I was sick this Xmas so hubby and kids went for dinner at my mom's without me. My eldest, 19 years old, was not feeling well and has S.A.D. He went upstairs at mother's to sit by himself on his phone. This turned into a confrontation with my mother who is upset with him. I know he should have been more social, but she basically said join in or go home, like why did you come anyway? This just ticked him off as he felt it was an ultimatum and he spent the rest of the visit in our car in underground parking.



You need to tell your mother that SAD is a real sickness, and your son isn't doing it on purpose. Your son needs treatment, and your mother needs education on how to deal with people who have mental illness. Since she is healthy and older, she is the one who is going to have to bend a little. Your son can't just "join in" if he is not feeling good. It might have been a huge effort just to go there.


It sounds to me like both your son and grandmother share personality characteristics such as stubbornness which is cool and endearing, that they're so alike, but in moments like this it can be challenging.

I have noticed that a lot of older folks and other sorts of people have no tolerance for what they view as 'designer illnesses' or 'made up mental conditions' and just label everything laziness or bad breeding, no matter what is told to them.

if there were a way to make her understand about SAD, it would help. If she still will not accept the SAD, then I'm not sure what can be done, but also you may want to have some sort of family intervention in that situation.


Give your mom some info on SAD to read up on. Then, see if you can get the 2 to sit down with you and talk. Have him tell her how he feels and what SAD makes him feel like.


How worrisome to have a "feud" going on and feel helpless because you love both involved and know it is not wise to openly side with either person. Maybe both are at fault (in some way) but perhaps analyzing the time (hours, days, weeks) before this "event" happened might help you find a better solution.
When was your son diagnosed with SAD? Has your mother been involved with his treatment/condition? Does she fully understand what this condition is about - or does she maybe think it is "just something doctors tell you"? Have you and your mother openly discussed his condition? How has your son acted when he visited your mother before this incident - were they on very good terms. Were you always present at other visits and maybe "shielded" your son with relation to your mother?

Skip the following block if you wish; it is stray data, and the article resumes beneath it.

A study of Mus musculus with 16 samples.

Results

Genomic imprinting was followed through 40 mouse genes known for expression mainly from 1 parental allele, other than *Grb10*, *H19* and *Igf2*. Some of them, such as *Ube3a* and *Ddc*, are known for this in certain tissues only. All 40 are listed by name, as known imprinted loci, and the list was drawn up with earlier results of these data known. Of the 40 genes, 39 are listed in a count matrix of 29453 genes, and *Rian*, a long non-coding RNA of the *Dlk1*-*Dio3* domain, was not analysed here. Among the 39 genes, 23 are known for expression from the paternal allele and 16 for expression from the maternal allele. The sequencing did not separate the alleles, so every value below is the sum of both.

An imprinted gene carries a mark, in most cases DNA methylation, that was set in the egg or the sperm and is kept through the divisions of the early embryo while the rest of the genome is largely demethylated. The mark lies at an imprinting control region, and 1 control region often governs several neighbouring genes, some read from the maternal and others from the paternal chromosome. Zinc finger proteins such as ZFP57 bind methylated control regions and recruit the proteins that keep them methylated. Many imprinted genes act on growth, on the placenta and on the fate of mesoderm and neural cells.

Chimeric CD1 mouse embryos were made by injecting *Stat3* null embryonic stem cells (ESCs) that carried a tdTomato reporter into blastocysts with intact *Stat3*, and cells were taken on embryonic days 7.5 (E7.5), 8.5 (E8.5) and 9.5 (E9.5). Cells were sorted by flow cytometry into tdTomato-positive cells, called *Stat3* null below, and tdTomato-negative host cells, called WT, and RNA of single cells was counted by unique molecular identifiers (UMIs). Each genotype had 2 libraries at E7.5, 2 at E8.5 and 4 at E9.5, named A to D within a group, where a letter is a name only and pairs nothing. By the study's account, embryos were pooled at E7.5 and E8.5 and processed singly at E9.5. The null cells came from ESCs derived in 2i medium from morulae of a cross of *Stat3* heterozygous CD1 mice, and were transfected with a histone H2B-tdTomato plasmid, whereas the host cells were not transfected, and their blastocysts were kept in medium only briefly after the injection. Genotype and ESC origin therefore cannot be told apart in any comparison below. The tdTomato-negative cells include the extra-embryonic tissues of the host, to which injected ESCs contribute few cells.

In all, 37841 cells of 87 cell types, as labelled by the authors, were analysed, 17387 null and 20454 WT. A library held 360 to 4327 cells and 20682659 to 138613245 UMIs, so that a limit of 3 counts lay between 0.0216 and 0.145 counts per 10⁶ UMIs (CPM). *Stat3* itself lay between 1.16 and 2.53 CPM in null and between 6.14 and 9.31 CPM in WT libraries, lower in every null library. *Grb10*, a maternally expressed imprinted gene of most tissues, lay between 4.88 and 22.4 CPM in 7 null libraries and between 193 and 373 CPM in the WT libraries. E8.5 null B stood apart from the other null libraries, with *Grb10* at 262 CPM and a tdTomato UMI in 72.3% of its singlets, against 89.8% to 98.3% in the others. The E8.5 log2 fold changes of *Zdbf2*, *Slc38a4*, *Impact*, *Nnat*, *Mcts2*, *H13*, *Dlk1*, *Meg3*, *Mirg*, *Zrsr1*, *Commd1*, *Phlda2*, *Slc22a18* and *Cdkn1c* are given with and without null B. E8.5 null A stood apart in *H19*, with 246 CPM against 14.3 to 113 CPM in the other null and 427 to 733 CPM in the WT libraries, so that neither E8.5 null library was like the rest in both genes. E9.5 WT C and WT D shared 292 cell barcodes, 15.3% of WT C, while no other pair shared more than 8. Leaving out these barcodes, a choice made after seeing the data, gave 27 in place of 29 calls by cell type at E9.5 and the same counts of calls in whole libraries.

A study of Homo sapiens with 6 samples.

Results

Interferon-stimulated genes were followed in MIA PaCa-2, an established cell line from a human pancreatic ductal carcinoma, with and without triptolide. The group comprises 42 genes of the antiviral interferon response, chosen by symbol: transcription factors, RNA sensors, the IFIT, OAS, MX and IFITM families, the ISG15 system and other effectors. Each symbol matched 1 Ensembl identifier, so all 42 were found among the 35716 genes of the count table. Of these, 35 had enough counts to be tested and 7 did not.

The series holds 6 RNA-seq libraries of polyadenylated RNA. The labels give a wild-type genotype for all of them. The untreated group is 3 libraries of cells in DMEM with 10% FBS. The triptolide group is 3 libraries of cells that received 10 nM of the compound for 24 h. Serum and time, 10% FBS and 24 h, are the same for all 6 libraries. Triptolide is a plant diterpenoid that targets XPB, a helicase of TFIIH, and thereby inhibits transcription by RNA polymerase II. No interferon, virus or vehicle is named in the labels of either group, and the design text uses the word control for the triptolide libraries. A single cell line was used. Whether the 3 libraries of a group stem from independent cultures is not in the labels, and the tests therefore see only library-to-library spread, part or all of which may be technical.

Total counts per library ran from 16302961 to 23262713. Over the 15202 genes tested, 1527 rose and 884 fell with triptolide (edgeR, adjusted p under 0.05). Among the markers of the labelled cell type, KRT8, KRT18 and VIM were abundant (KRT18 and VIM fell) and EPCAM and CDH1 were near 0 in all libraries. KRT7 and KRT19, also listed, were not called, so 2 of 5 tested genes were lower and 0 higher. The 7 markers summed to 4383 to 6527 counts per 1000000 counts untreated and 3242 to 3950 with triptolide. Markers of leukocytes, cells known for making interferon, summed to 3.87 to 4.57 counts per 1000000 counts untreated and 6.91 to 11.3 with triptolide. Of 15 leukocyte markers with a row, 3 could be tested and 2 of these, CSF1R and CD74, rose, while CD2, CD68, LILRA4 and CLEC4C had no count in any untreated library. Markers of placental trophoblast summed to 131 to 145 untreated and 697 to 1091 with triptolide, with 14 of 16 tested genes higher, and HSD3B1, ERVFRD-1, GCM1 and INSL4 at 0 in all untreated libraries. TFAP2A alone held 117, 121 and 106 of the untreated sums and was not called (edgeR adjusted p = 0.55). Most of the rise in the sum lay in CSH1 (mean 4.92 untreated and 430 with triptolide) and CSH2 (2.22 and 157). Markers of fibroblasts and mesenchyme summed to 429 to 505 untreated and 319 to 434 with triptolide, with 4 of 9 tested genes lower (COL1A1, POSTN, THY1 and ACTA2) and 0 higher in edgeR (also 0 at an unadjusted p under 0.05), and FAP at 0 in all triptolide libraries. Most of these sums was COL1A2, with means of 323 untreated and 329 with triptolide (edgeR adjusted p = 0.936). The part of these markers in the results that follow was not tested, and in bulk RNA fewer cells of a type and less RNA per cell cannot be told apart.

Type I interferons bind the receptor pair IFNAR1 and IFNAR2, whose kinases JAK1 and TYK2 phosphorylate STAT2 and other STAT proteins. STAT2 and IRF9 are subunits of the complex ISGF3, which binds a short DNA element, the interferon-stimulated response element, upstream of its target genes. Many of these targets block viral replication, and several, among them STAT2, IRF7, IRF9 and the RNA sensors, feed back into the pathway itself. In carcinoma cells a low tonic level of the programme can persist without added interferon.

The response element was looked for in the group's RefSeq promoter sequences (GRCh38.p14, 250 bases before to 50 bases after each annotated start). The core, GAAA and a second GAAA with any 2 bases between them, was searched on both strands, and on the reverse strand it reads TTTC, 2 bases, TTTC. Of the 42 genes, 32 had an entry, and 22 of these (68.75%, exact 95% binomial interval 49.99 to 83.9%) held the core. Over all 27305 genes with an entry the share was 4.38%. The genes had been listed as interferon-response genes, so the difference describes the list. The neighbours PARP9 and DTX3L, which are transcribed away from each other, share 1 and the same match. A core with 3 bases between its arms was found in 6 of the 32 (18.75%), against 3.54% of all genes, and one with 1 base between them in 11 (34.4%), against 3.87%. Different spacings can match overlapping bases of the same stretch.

I feel sure you know the longer this "festers" the more difficult it will be to correct. Please, try to have a sit down face to face session with each (individually) and work out the problem. I feel sure neither of them want this to continue.

I feel sure there are pamphlets at his doctor's office that explains SAD but if you need more information right now, here is a doctors web site that may help. Also, there may be readers that are not familiar with what condition SAD really is.

http://www.mayo  ion/con-20021047

http://www.webm  ctive-disorder#1


I think Grandma over reacted. As long as your son was not being disrespectful she should chill out.


Oh, I'm so sorry that your family is going through this. I read your story and really identified with it. My 17 year old son has been diagnosed with ODD, ADHD (and possibly Autism) and can be a bit of an emotional roller coaster sometimes. I believe that you would have resolved the situation if you had been there but, of course, you were not. You were sick and no one picked up the slack. I have certainly been there!

I think as mothers, we work as peacemakers to smooth out these tense situations because we are so used to modifying our behavior to help our children. As your mother was raised in a different generation, she might not see the need for "coddling" or may just not understand the situation. Honestly, I think the best course of action is to try to reason with your son and see if you can get him to apologize for not backing down. Or at least, show that he appreciates his grandmother in some way.



Your mom is missing a lot of info on your son's condition. By now she should have read up on it. I honestly would not take him there till she has at least called to let you know that she fully understands your concerns. You live with him she does not. So this could very well burden you on both ends. I am dealing with three mental health issues. My family takes the time to give me space and understand my needs.

Your mom is older and wiser so please give her space and time to learn about your son. Telling him what she did was not very kind or understanding at all. I will be hoping for the best in your situation. I know it truly can't be easy. Take care.


I don't like to be the "odd one out" here, but there is more than one side to every story, so playing Devil's Advocate is sometimes helpful. It isn't clear how your son went about this.

Did he disappear suddenly and grandma didn't know where he was? Or did he excuse himself for not feeling well and ask if there would be a good place he could lie down?

I can see how this seemed to your mother. Look at it from her point of you. Grandson acts moody, claims he's ill (she's maybe not convinced?) disappeared during dinner, and she finds him upstairs playing on his phone, like he was just bored and would rather be doing that than keeping boring old relatives company.

So even though you'll naturally take up for your son, certainly you can see this from your mom's point of view.

Your mother requires insight into your son's condition. She needs to know what S.A.D. is and how it affects your son. It might help to share what you are doing to combat the symptoms.

Your son may also require instruction on how to politely excuse himself from situations. It's possible as a teenager he hasn't yet learned to formally excuse himself to his host.